If the Orioles are going to build that elite talent pipeline to get back to winning baseball, they are going to need international talent to be a big element of that effort.
Under executive vice president and general manager Mike Elias and senior director of international scouting Koby Perez, the Orioles are trying to quickly bring their international program up to speed.
The Tampa Bay Rays placed a major leagues-leading eight players on the latest Baseball America top 100 prospects list and two of those eight are international signings. They include baseball’s No. 1 prospect, shortstop Wander Franco from the Dominican Republic. The No. 2 prospect on the top 100 is Cuban outfielder Luis Robert of the White Sox.
The last three No. 1 players on the Baseball America top 100 are international signings, with Ronald Acuña in 2018 and Vladimir Guerrero Jr. in 2019 before Franco. The significance of having a strong international program is clear.
In a video interview yesterday, I talked with Ben Badler of Baseball America. He’s been one of the top authorities on international signings in Major League Baseball for years. Monday he published this article (subscription required) on the Orioles’ upcoming signings class.
We should point out that the normal period for teams to sign international amateurs - players that can be signed at age 16 - runs from July 2 through June 15. This year that date is flexible, per the agreement in March between the MLB players and owners. It has not been announced yet - even though we are now in June - when the 2020-21 signing period will begin. It could start as late as Jan. 15, 2021. So the players mentioned in that article are players the club has agreed with but whose signings are not yet announced or official.
Under the latest collective bargaining agreement, teams are given a finite amount of money to sign these amateurs. The amount has been frozen from the last period, which should mean the Orioles have $6.481 million for the upcoming period.
Last year on July 2, the Orioles announced the signings of 27 international amateurs. In January they added a group of seven more players. The class of 34 featured 23 from the Dominican and eight from Venezuela. It included 19 pitchers. It included at least 20 players signed to bonuses of six figures, led by outfielder Luis Gonzalez, who signed for $475,000.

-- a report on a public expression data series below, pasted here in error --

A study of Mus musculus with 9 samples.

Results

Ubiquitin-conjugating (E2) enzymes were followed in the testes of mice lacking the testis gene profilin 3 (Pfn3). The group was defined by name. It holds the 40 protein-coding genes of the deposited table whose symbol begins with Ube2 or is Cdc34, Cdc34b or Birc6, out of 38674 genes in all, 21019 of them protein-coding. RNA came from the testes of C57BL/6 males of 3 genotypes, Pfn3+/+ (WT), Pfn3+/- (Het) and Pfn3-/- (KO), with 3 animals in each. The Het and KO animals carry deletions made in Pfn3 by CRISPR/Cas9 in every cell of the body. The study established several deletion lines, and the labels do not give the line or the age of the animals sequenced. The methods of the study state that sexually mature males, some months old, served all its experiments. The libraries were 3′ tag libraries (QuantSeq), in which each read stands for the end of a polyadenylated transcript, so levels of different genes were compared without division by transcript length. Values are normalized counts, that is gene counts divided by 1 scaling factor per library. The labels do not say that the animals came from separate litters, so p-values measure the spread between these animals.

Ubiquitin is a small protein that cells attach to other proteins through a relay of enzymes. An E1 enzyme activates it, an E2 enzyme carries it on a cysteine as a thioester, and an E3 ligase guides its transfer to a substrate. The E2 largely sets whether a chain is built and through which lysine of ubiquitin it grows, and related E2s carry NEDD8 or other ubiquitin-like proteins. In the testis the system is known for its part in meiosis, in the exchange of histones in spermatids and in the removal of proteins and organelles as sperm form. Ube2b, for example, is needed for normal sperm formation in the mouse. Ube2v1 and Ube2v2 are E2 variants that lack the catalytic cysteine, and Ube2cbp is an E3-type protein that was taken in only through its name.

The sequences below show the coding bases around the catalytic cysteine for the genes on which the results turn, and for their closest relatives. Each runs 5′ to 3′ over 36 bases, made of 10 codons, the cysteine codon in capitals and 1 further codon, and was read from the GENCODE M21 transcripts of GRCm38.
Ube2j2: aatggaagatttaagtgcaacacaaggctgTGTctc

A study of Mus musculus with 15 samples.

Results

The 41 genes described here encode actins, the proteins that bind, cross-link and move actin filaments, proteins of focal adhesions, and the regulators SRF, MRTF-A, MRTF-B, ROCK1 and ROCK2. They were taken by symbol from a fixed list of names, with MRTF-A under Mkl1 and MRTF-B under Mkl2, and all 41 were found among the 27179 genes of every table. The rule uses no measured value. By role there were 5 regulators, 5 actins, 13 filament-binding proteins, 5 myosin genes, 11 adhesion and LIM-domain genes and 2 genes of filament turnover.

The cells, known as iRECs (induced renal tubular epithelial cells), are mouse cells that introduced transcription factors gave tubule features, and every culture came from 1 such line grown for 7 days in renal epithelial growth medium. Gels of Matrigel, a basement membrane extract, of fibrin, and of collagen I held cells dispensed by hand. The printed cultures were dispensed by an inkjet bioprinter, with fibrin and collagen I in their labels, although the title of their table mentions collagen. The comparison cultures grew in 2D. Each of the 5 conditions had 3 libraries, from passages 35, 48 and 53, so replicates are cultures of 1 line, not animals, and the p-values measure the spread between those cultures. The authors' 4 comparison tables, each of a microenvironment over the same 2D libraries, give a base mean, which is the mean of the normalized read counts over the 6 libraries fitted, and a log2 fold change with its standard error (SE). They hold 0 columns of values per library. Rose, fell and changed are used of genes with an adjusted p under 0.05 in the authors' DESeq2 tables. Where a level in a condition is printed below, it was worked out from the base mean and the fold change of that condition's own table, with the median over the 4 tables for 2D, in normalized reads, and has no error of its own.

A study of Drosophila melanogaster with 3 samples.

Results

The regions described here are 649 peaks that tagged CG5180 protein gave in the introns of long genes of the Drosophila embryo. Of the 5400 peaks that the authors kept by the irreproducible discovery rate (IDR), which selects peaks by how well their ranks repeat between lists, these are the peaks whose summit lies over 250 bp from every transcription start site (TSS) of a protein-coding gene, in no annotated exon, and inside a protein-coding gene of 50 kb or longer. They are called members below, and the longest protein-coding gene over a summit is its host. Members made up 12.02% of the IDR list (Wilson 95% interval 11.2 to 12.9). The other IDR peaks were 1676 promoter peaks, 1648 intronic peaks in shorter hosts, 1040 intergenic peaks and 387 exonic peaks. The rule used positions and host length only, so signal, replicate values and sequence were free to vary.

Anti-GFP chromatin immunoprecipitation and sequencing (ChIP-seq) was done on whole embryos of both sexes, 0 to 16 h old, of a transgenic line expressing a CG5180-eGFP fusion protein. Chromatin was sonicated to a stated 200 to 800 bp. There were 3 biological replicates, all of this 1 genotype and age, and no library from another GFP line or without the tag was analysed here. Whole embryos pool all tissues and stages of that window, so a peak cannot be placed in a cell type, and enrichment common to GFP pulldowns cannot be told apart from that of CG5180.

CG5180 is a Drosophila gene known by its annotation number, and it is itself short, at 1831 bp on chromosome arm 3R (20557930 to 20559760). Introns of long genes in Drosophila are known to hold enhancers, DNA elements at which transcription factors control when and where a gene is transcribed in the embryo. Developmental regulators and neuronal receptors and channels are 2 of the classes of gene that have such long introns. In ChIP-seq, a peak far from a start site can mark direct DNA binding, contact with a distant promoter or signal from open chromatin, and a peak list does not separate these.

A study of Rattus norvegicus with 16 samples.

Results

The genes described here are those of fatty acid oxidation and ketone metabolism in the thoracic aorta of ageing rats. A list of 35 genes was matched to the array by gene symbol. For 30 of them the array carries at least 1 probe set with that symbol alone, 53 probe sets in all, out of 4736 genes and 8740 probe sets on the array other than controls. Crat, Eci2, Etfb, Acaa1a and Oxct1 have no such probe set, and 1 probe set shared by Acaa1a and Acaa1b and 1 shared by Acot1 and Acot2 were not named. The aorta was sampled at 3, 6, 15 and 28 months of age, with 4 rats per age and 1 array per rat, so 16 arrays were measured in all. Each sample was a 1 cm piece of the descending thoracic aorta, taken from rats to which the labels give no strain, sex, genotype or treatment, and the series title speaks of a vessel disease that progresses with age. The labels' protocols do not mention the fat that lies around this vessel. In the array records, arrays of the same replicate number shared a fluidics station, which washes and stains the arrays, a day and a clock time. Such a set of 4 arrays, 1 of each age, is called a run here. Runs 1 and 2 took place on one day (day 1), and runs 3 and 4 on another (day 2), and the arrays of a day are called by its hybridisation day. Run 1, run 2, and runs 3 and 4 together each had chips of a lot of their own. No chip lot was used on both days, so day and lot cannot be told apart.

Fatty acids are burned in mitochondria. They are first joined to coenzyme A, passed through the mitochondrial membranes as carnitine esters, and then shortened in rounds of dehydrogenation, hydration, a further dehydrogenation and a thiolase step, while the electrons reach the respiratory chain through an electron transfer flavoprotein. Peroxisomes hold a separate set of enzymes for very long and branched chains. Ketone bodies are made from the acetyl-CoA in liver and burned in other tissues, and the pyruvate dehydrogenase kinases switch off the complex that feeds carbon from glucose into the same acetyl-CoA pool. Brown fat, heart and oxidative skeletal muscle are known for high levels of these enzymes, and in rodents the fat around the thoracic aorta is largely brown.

Now the O’s are about to add to that group in the important effort to upgrade their international program.
“It’s an enormous shift from what they were doing previously,” Badler said. “Since Mike Elias came in and hired Koby Perez and got that commitment from ownership to spend on international players, we started to see a little bit of an uptick in 2019 in terms of the signing class they added. Getting a late start put them at a disadvantage there. They did some get pretty interesting arms. But 2020, I think, is going to be the biggest international signing period for them yet.”
Again, keep in mind that the players Badler reported on this week have not been signed yet because they can’t be added yet. We are still waiting for MLB to announce the official signing date. But they have agreed to terms with these players, and per his reporting they’ll add two players who could top the highest bonus from last period.
The O’s have agreed with catcher Samuel Basallo, according to Baseball America. He’s considered the top catching prospect in the Dominican and Baseball America projects his bonus to fall between $1 and $1.5 million. He will turn 16 on Aug. 13. Basallo was once linked to the Yankees.
“He’s 6-foot-3 at 15” Badler said of Basallo. “We often see bigger guys with longer swings, but he doesn’t have that. It’s a pretty short swing from the left side. What really stands out is the power with him. Two power tools - the raw power that he has and the strong arm behind the plate. And if he gets even bigger and stronger both of those tools have a chance to tick up. You have a chance to get a power-hitting catcher.”
The O’s added corner outfielder Wilmer Feliciano, who is projected to get a bonus of just under $500,000.
“Big left-handed raw power,” said Badler. “I was at a showcase that MLB ran in November in Arizona and he was hitting balls out of a major league park at 16. Don’t see that too often. Big raw power from the left side. There is more swing and miss to his game. Going to have to make a few adjustments to get more frequent contact. You don’t have to project on the power for him, that’s already there.”
They have added a tall and lean shortstop prospect in Maikol Hernandez from Venezuela. He was previously linked to St. Louis and Pittsburgh.
“At 6-foot-4, 175, there are so many different ways a player like that can go,” Badler said. “Is he going to stay lean and athletic like he is right now and be that 6-foot-4, 200-pound shortstop? Or does he grow to 230 and maybe end up moving off the position. For right now he is tall and lean and athletic, and you usually don’t see guys with that size with that power-and-speed combination. He’s a plus runner right now and generates power relatively easily with a lot of bat speed.”
Badler and I talked on other topics, including how teams are choosing to spend their international pool amounts, how soon the O’s will be in play for the biggest-dollar players and the prospect of an international draft coming to MLB.